What Obama Doesn’t Get About Debates

He's eloquent and likable -- but he needs to learn a few things to win his next match with Romney.

(The Root) — It’s crunch time for President Barack Obama’s campaign — and his presidency. One more bad debate on Tuesday night and he’ll have done serious damage to his 2012 re-election prospects and possibly his presidential legacy.

As a result of his listless performance in the first debate against opponent Mitt Romney, the president is now locked in a statistical dead heat — 48 to 46 percent — in the Gallup daily tracking poll, and his 51 to 46 percent lead in Sunday’s PPP Poll in the crucial swing state of Ohio is all that’s left of the firewall between Obama and his challenger.


Because Obama didn’t just lose in that first debate; as the Daily Beast’s Andrew Sullivan writes, “he forfeited it.” He’ll almost certainly show up to the second debate at Hofstra University better rested and better prepared — and the town hall-style format probably suits him better than the dueling-podium format — but unless Obama throws some major tweaks into his debate style, he risks another lackluster performance.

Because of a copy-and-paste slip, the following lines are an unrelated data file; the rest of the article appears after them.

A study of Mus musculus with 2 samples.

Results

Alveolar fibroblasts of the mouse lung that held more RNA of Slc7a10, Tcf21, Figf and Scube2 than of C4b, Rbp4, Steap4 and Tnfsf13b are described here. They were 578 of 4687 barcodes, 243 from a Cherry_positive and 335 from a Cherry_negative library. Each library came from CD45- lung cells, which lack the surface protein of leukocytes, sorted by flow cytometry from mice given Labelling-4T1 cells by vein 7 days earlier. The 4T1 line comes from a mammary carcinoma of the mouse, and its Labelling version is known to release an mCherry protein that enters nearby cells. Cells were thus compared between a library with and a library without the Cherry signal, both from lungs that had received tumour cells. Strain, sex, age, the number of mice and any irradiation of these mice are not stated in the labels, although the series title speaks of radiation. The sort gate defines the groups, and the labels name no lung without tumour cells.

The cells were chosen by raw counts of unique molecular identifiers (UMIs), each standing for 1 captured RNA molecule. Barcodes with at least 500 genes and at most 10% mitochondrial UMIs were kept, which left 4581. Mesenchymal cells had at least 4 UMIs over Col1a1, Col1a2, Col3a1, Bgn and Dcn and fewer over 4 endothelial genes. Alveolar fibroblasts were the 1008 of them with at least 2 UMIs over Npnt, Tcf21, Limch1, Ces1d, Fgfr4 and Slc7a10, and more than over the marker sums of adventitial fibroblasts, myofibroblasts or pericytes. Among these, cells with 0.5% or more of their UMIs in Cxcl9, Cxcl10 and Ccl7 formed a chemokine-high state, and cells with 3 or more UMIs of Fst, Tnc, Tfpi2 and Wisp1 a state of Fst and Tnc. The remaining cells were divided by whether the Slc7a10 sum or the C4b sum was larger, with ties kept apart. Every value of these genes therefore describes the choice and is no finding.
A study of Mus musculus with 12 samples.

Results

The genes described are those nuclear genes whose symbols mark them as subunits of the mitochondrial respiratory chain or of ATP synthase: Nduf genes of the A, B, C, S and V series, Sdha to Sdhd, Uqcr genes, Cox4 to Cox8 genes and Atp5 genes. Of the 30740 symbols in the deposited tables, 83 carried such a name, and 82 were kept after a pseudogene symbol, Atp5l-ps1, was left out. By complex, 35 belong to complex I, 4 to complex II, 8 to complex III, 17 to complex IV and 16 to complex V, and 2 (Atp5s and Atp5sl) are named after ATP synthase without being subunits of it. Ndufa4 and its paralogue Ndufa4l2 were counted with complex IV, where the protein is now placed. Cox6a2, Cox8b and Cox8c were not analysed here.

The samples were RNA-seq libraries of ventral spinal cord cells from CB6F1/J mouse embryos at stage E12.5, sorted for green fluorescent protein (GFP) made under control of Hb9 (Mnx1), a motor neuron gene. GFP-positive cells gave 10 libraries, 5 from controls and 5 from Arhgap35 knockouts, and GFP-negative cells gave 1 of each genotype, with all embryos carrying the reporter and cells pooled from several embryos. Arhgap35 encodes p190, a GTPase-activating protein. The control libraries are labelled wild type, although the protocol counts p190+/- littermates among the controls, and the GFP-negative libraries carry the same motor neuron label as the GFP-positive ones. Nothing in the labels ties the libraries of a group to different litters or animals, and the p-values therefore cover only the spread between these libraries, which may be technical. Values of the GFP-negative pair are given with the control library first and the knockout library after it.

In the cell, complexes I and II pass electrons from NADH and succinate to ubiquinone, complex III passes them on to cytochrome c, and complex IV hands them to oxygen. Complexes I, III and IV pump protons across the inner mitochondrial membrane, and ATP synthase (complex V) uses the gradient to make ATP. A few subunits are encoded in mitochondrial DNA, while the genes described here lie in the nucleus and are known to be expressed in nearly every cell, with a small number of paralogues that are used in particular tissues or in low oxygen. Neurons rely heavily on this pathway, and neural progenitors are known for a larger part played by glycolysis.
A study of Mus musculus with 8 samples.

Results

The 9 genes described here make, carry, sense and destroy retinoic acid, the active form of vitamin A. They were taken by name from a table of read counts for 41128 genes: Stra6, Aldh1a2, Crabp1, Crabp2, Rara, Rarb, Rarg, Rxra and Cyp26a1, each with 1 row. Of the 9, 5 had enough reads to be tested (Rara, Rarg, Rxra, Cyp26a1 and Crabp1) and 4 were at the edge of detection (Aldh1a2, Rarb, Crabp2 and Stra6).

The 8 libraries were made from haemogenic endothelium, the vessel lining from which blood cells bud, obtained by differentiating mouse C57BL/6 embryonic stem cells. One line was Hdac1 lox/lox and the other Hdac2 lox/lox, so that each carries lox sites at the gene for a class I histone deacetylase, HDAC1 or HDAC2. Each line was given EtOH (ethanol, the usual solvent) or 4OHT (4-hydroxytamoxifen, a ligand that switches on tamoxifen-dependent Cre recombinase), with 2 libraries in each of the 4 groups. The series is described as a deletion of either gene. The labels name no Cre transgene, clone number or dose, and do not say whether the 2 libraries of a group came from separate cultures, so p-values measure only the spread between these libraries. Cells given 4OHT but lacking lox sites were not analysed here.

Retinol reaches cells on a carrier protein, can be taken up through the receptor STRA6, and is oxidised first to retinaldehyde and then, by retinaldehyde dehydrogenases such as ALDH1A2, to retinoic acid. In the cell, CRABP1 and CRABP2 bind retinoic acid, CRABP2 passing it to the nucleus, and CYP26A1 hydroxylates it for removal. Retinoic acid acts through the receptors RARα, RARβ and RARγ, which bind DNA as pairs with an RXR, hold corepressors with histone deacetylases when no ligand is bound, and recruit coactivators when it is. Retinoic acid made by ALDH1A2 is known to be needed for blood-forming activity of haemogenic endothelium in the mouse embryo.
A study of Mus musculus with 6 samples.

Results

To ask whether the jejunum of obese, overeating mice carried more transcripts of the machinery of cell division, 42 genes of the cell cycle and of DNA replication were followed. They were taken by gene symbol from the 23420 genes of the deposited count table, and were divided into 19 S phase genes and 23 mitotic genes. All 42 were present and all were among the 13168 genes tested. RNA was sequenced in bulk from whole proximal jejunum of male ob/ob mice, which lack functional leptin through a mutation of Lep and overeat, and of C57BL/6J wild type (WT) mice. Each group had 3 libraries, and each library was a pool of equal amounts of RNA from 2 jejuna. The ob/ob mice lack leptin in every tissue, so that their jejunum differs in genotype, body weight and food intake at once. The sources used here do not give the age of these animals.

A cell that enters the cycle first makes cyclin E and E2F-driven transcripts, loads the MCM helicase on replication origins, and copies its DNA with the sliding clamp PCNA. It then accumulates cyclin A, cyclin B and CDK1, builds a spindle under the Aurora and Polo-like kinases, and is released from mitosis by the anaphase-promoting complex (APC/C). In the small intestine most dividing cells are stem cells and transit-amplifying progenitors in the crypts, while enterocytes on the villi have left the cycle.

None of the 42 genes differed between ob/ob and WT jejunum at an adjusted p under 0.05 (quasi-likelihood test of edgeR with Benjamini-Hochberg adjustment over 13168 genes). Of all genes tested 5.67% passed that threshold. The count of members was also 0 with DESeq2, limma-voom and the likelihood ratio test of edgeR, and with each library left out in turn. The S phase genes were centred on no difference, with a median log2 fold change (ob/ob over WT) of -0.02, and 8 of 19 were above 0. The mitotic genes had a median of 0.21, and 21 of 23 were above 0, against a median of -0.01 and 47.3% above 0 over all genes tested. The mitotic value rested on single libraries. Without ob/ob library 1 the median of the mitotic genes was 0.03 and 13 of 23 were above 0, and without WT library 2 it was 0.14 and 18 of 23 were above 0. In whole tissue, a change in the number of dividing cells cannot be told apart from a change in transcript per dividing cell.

Here’s what he needs to do:

Be Energetic, Not Aggressive

There’s been a lot of chatter about whether Obama can afford to get in Romney’s face and risk being perceived as an angry black man. But you don’t even need that analysis, because Obama doesn’t need to be aggressive. The first time the president asked the first lady out, he wasn’t aggressive; he just took Chris Rock’s advice and made eye contact, put some bass in his voice and let her know what he was about. So if the debate is a date with voters, that’s what he should be doing now.

Stop Fact-Checking Romney

On Sunday, strategist Donna Brazile said what should have been obvious to Team Obama all along: “Stop trying to fact-check” Romney.

Romney’s flip-flopped every major issue — health care, abortion, stimulus, bailouts and immigration — but anyone who cares already knows this. So when Obama stands onstage offering detailed rebuttals to Romney’s ever-evolving policy positions, he’s wasting his own time. Calling Romney out is the pundits’ job — his job is making the case for his own re-election, not to be a one-man truth squad.